Cutting-edge club sounds from Latin America and beyond.
Though they now reside in Berlin, Felipe Salmón and Rafael Pereira have left an indelible mark on Peru's electronic music scene. The duo's earliest work focused on bringing together sounds from different Afro-Peruvian and Andean traditions, mixing regional instruments in with shapeshifting, often slamming club rhythms. They helped pioneer Peru's digital cumbia sound, which involves not only the kind of syncretic synthesis outlined above but recording with groups like Los Wemblers de Iquitos, a legendary but reclusive band located near the outskirts of Peru's Amazonian region.
Over time, however, Dengue Dengue Dengue have developed an even more idiosyncratic and individual style, as shown on records like Siete Raíces ("seven roots"), Zenit & Nadir and last year's Fiebre on NAAFI. Their music has come to encompass even more styles, rhythms and shapes, each record more bold and confident than the last.
Their RA Podcast shows how their sound, and mission to take the music of Latin America into the digital future, goes beyond just Peru. It features tracks from Mexico's Omaar, Uruguay's Lila Tirando a Violeta, Colombia's Verraco, Brazil's Pigmalião and others. (Plus Aphex Twin and Russian synth head X.Y.R.) This is a mix that contextualizes Latin American club music where it belongs—at centre stage in the worldwide scene—and as something more than just the sum of its influences. Since they first came on the scene, Dengue Dengue Dengue sounded like the future, and on their RA Podcast, they still do.
What have you been up to recently?
With the obvious changes that the pandemic brought, it was a good time to focus on things that we always wanted to do but never had the time for, like launching a record label and producing for other people or projects.
At the end of last year we launched our record label Kebrada with a double-vinyl compilation focused in polyrhythmic compositions by Latin American artists, and just a few week ago we released the debut album from QOQEQA.
We also had time to focus on the production of our next album and a few collab EPs. We also made music for a video game coming soon.
How and where was the mix recorded?
The mix was recorded at Felipe's home studio in Kreuzberg, Berlin.
Can you tell us the idea behind the mix?
The idea was to showcase a few of the artists we are currently working with, most of the producers are from Latin America and are currently involved with our label or lables and crews from that side of the world. It also contains a few upcoming productions from us and lots of unreleased tunes from friends.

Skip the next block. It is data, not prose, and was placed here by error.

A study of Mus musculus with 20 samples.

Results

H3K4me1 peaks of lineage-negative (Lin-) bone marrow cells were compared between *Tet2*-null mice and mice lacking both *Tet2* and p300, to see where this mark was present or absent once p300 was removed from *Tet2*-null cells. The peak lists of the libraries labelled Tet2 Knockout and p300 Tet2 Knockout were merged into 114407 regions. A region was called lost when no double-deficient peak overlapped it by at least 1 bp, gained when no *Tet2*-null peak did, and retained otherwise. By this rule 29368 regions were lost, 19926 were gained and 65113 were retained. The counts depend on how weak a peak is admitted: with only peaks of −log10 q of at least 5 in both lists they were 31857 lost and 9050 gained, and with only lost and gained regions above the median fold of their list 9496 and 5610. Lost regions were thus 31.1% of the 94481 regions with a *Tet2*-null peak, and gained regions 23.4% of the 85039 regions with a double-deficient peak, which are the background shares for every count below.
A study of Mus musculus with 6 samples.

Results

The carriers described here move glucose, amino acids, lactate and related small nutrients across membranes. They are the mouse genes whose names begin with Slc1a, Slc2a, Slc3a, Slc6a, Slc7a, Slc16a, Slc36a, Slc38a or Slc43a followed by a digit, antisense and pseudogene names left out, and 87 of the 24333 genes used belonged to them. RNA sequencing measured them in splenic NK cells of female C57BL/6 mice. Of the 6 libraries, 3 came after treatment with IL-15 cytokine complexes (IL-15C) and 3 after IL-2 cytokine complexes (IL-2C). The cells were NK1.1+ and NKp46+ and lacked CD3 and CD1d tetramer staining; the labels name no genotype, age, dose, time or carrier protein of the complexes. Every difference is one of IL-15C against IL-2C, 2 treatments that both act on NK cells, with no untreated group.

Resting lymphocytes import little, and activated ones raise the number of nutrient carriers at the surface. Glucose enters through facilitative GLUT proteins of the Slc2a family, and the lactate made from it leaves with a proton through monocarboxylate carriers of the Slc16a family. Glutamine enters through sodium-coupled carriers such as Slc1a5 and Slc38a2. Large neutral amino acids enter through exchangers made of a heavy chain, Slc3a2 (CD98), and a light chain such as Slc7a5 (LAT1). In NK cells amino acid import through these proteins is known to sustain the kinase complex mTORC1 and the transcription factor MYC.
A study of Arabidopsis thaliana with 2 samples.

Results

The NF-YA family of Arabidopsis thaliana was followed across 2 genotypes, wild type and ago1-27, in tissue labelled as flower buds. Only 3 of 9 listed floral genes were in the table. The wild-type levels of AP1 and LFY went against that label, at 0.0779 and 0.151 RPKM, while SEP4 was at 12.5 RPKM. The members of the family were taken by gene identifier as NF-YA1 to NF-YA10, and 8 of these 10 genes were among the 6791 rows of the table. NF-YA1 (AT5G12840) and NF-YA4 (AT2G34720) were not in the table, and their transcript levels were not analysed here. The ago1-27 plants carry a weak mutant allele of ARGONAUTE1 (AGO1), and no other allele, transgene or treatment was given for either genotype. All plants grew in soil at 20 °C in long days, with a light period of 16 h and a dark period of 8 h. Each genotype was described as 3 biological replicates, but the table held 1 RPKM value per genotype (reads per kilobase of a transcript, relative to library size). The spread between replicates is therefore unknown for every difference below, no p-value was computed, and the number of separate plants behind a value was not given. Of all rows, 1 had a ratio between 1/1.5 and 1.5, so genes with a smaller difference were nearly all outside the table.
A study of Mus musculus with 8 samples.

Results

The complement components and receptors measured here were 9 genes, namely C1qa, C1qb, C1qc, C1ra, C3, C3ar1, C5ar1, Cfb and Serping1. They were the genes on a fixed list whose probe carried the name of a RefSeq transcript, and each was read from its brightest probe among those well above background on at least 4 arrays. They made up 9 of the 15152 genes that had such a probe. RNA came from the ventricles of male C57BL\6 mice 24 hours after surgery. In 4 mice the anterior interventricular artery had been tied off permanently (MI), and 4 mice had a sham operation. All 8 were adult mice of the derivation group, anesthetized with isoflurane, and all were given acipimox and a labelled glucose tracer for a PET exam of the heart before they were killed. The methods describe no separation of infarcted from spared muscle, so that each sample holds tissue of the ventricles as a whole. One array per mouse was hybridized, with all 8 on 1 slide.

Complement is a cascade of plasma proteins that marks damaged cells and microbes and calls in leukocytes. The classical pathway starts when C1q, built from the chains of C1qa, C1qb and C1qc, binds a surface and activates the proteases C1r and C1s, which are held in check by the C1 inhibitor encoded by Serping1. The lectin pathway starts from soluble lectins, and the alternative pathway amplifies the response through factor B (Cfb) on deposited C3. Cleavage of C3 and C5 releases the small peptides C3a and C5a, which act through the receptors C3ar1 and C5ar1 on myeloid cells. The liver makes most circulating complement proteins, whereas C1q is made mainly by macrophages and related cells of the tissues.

Your last few records especially incorporated sounds recorded back in Peru as well as traditional or unique instrumentation—why is it important to you to include these sounds, and how do you incorporate them into dance music?
There are two very interesting sides of exploring this. In one hand learning and understanding the rhythmic structure and metric used in Afroperuvian music completely changed on how we approach production now. We've been composing in a 4/4 structure for years, and through this music we learned how to compose in other metrics.
On the other hand there is the sound palette, a very unique sound universe with instruments like the Quijada (donkey's jaw) or the Peruvian cajon. It's very interesting to work with this sound and manipulate them in new ways.
Though you live in Berlin now, do you still feel a strong connection with the Latin American dance music scene? Is there a sound or idea that connects these artists together across nations and cultures?
Yes, we still get very much inspired from what's happening over there, we feel that since the electronic music industry is not fully developed over there there is a lot of talent waiting to be showcased in a bigger platform, and we are just putting in our grain of sand to help make that happen.
What are you up to next
Working on a new album for 2022, doing a lot of remixes and planning the next releases on our label.